Mother’s Day is a chance for us to celebrate moms and the incredible women in our lives. For me, it’s also a chance to shine a light on the bravery and strength of mothers and the impact they have in their families and on entire communities.
When our team first met Esther, cataracts in both of her eyes had robbed this 79-year-old matriarch of her sight. For a year, she became completely dependent on her daughter-in-law for day-to-day care and was unable to play with her several grandchildren.
“I was worried because I thought my blindness was irreversible and that I was going to be a bother to my children forever,” recalls Esther, who lives in the remote village of Kapnegtuny in Nandi County, North Rift, Kenya.
“I felt very desperate.”
Esther’s cataracts also prevented her from gardening and caring for her cows. She says she missed cooking at home and playing music at traditional celebrations in her village.
I’m pleased to tell you that this grandmother’s story had a happy ending – she was able to receive cataract surgery at Operation Eyesight’s partner hospital, Meteitei Sub-County Hospital, free of charge.
“I am very happy. I can now see again and can see my dear grandchildren again,” she explains. “Now, I can move around without help and do things on my own. I hope to go back to my house soon and even cook for my husband.”
Barriers to gender equity in Africa
As a mother of two girls, I found myself particularly touched by Esther’s story when I met her.
Although Esther’s story had a happy ending thanks to the generosity of our donors and support of our partners, for many women – especially mothers – blindness and lack of access to eye care is often tied to poverty, economic exclusion and misinformation. This has been the experience of many of the women our teams meet in the field.
These compounding factors often result in women and girls having reduced access to education, healthcare and participation in public life.
Esther told our team that she was extremely anxious about receiving surgery and this was a barrier to her seeking care sooner. She made the courageous decision to undergo surgery thanks to the encouragement of a neighbour who had also received surgery from an Operation Eyesight partner hospital.
“Though I feared surgery, I had to face it to regain my sight,” she told us.
Why are so many women blind?
We know that women and girls are disproportionately impacted by vision loss and blindness. Fifty-five per cent of those suffering from vision loss worldwide are women and girls, and those living in mid- and low-income countries are often more vulnerable to eye conditions and vision problems.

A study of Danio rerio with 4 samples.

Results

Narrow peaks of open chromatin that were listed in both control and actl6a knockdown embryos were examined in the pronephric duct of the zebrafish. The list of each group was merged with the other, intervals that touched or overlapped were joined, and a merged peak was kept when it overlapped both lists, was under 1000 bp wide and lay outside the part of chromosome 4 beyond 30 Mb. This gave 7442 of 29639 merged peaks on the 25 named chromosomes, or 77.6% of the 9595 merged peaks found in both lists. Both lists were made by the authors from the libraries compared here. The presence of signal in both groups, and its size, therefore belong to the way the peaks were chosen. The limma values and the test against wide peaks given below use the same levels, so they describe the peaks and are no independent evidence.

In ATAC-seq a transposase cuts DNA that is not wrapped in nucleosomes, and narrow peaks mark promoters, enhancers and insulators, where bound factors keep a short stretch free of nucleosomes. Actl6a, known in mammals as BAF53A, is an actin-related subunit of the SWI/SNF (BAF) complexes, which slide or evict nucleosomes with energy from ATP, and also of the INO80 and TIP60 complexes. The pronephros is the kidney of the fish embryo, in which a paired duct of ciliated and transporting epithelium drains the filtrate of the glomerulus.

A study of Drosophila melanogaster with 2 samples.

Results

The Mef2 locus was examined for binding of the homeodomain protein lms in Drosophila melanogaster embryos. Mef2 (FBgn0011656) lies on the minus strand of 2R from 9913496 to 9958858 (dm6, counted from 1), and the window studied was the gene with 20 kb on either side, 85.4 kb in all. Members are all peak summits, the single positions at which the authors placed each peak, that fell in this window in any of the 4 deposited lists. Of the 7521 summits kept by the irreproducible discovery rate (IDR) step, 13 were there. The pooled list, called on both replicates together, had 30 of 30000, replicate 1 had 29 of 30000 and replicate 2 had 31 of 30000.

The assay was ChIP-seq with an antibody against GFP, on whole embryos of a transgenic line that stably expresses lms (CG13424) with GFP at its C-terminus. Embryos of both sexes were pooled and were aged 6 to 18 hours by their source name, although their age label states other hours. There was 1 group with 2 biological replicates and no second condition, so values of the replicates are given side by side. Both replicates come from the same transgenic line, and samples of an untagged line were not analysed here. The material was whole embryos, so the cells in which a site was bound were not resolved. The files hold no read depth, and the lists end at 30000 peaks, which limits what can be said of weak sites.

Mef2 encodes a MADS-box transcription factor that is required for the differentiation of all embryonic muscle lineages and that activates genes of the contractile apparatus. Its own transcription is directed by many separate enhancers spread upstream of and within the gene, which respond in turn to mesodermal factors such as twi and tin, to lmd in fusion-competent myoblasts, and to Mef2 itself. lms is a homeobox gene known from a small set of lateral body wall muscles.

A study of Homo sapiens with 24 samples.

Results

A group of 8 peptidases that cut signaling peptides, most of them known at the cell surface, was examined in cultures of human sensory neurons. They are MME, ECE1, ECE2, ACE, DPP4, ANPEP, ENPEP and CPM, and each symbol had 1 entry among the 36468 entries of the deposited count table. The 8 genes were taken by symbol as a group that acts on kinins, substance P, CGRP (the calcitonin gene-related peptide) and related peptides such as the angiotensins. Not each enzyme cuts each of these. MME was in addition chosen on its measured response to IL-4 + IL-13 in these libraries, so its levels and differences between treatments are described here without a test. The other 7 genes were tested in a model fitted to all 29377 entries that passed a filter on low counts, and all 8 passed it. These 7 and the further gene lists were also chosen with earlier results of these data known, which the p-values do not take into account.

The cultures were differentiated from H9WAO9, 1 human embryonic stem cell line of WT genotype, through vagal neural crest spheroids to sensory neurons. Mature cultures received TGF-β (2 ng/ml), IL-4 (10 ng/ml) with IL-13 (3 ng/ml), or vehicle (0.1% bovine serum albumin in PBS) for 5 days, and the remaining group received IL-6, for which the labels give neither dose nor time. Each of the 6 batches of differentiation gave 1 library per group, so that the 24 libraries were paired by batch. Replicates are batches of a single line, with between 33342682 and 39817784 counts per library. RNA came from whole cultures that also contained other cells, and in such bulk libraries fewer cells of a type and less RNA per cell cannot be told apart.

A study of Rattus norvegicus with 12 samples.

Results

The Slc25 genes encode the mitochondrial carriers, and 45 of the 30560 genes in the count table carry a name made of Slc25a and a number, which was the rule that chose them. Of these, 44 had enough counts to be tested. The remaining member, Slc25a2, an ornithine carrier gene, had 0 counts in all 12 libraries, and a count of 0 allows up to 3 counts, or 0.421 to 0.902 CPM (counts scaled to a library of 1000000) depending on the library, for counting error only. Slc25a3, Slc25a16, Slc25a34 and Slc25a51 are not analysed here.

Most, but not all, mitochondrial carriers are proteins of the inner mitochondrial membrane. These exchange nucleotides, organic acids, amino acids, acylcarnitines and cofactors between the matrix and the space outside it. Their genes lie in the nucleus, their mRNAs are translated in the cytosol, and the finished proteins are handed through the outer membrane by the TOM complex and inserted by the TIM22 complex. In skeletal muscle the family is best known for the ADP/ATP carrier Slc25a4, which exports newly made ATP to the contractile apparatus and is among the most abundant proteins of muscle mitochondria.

Why? For starters, limited financial resources to travel and receive care often prevents many women from seeking help in the first place. To make matters worse, the prospect of travelling long distances through difficult and remote terrain, often across areas known for wild animals and bandits, frequently prevents women and girls from seeking the health services they need.
Our teams working in communities across Kenya have also seen first-hand how lower literacy rates among women leads to misinformation about eye conditions such as cataracts and trachoma. This misinformation leads to fear among patients, and this unfortunately results in women frequently refusing to seek care, as was the case for Esther.
Here in Kenya, the painful bacterial infection trachoma leads to irreversible blindness if left without antibiotic treatment. This disease spreads through flies and close contact with hands and clothing. Because of their traditional gender roles caring for children in the home, women are more likely to contract this potentially devastating infection, compared to their male counterparts. For every man infected with trachoma, there are three women who are blind from or infected with this painful condition.
Removing barriers to care
I’m proud of the work we do at Operation Eyesight because I see with my own eyes the difference our work makes in the lives of moms like Esther. So much of the work we are doing in communities is focused on addressing the root causes of blindness, including equity for women and girls.
Last year, we trained more than a thousand community health volunteers who will provide door-to-door eye health screening and health education within their own communities. More than 80 per cent of these volunteers are women. It’s this focus on women and girls that allows us to impact the lives of women like Esther.
I believe that together, this is just one way that we are dismantling the barriers that prevent many women and girls from accessing health services, including eye health care as well as maternal and child health information and resources.
By recruiting and training female health workers and volunteers within a community, we are creating a culture that empowers women and girls in ways that go far beyond vision loss and blindness.
For Esther’s family, who felt the strain of providing constant care to her, the impact of this work has been palpable.
“Restoring the sight of our grandmother has helped us very much,” says one of her grandchildren. “We are now free and can go for our daily activities with no worry of who is going to assist her.”
This is why our work matters. This is why we celebrate Mother’s Day.
Alice Mwangi is Operation Eyesight’s Country Director for Kenya, where she has played a critical role in the transformative work happening in communities across the country. In addition to raising her two daughters, Alice provides overall strategic direction and leadership for our programs in Kenya. To drive forward our mission to prevent blindness and restore sight, Alice develops valuable partnerships with hospitals, the Ministries of Health and Education and other nonprofit organizations.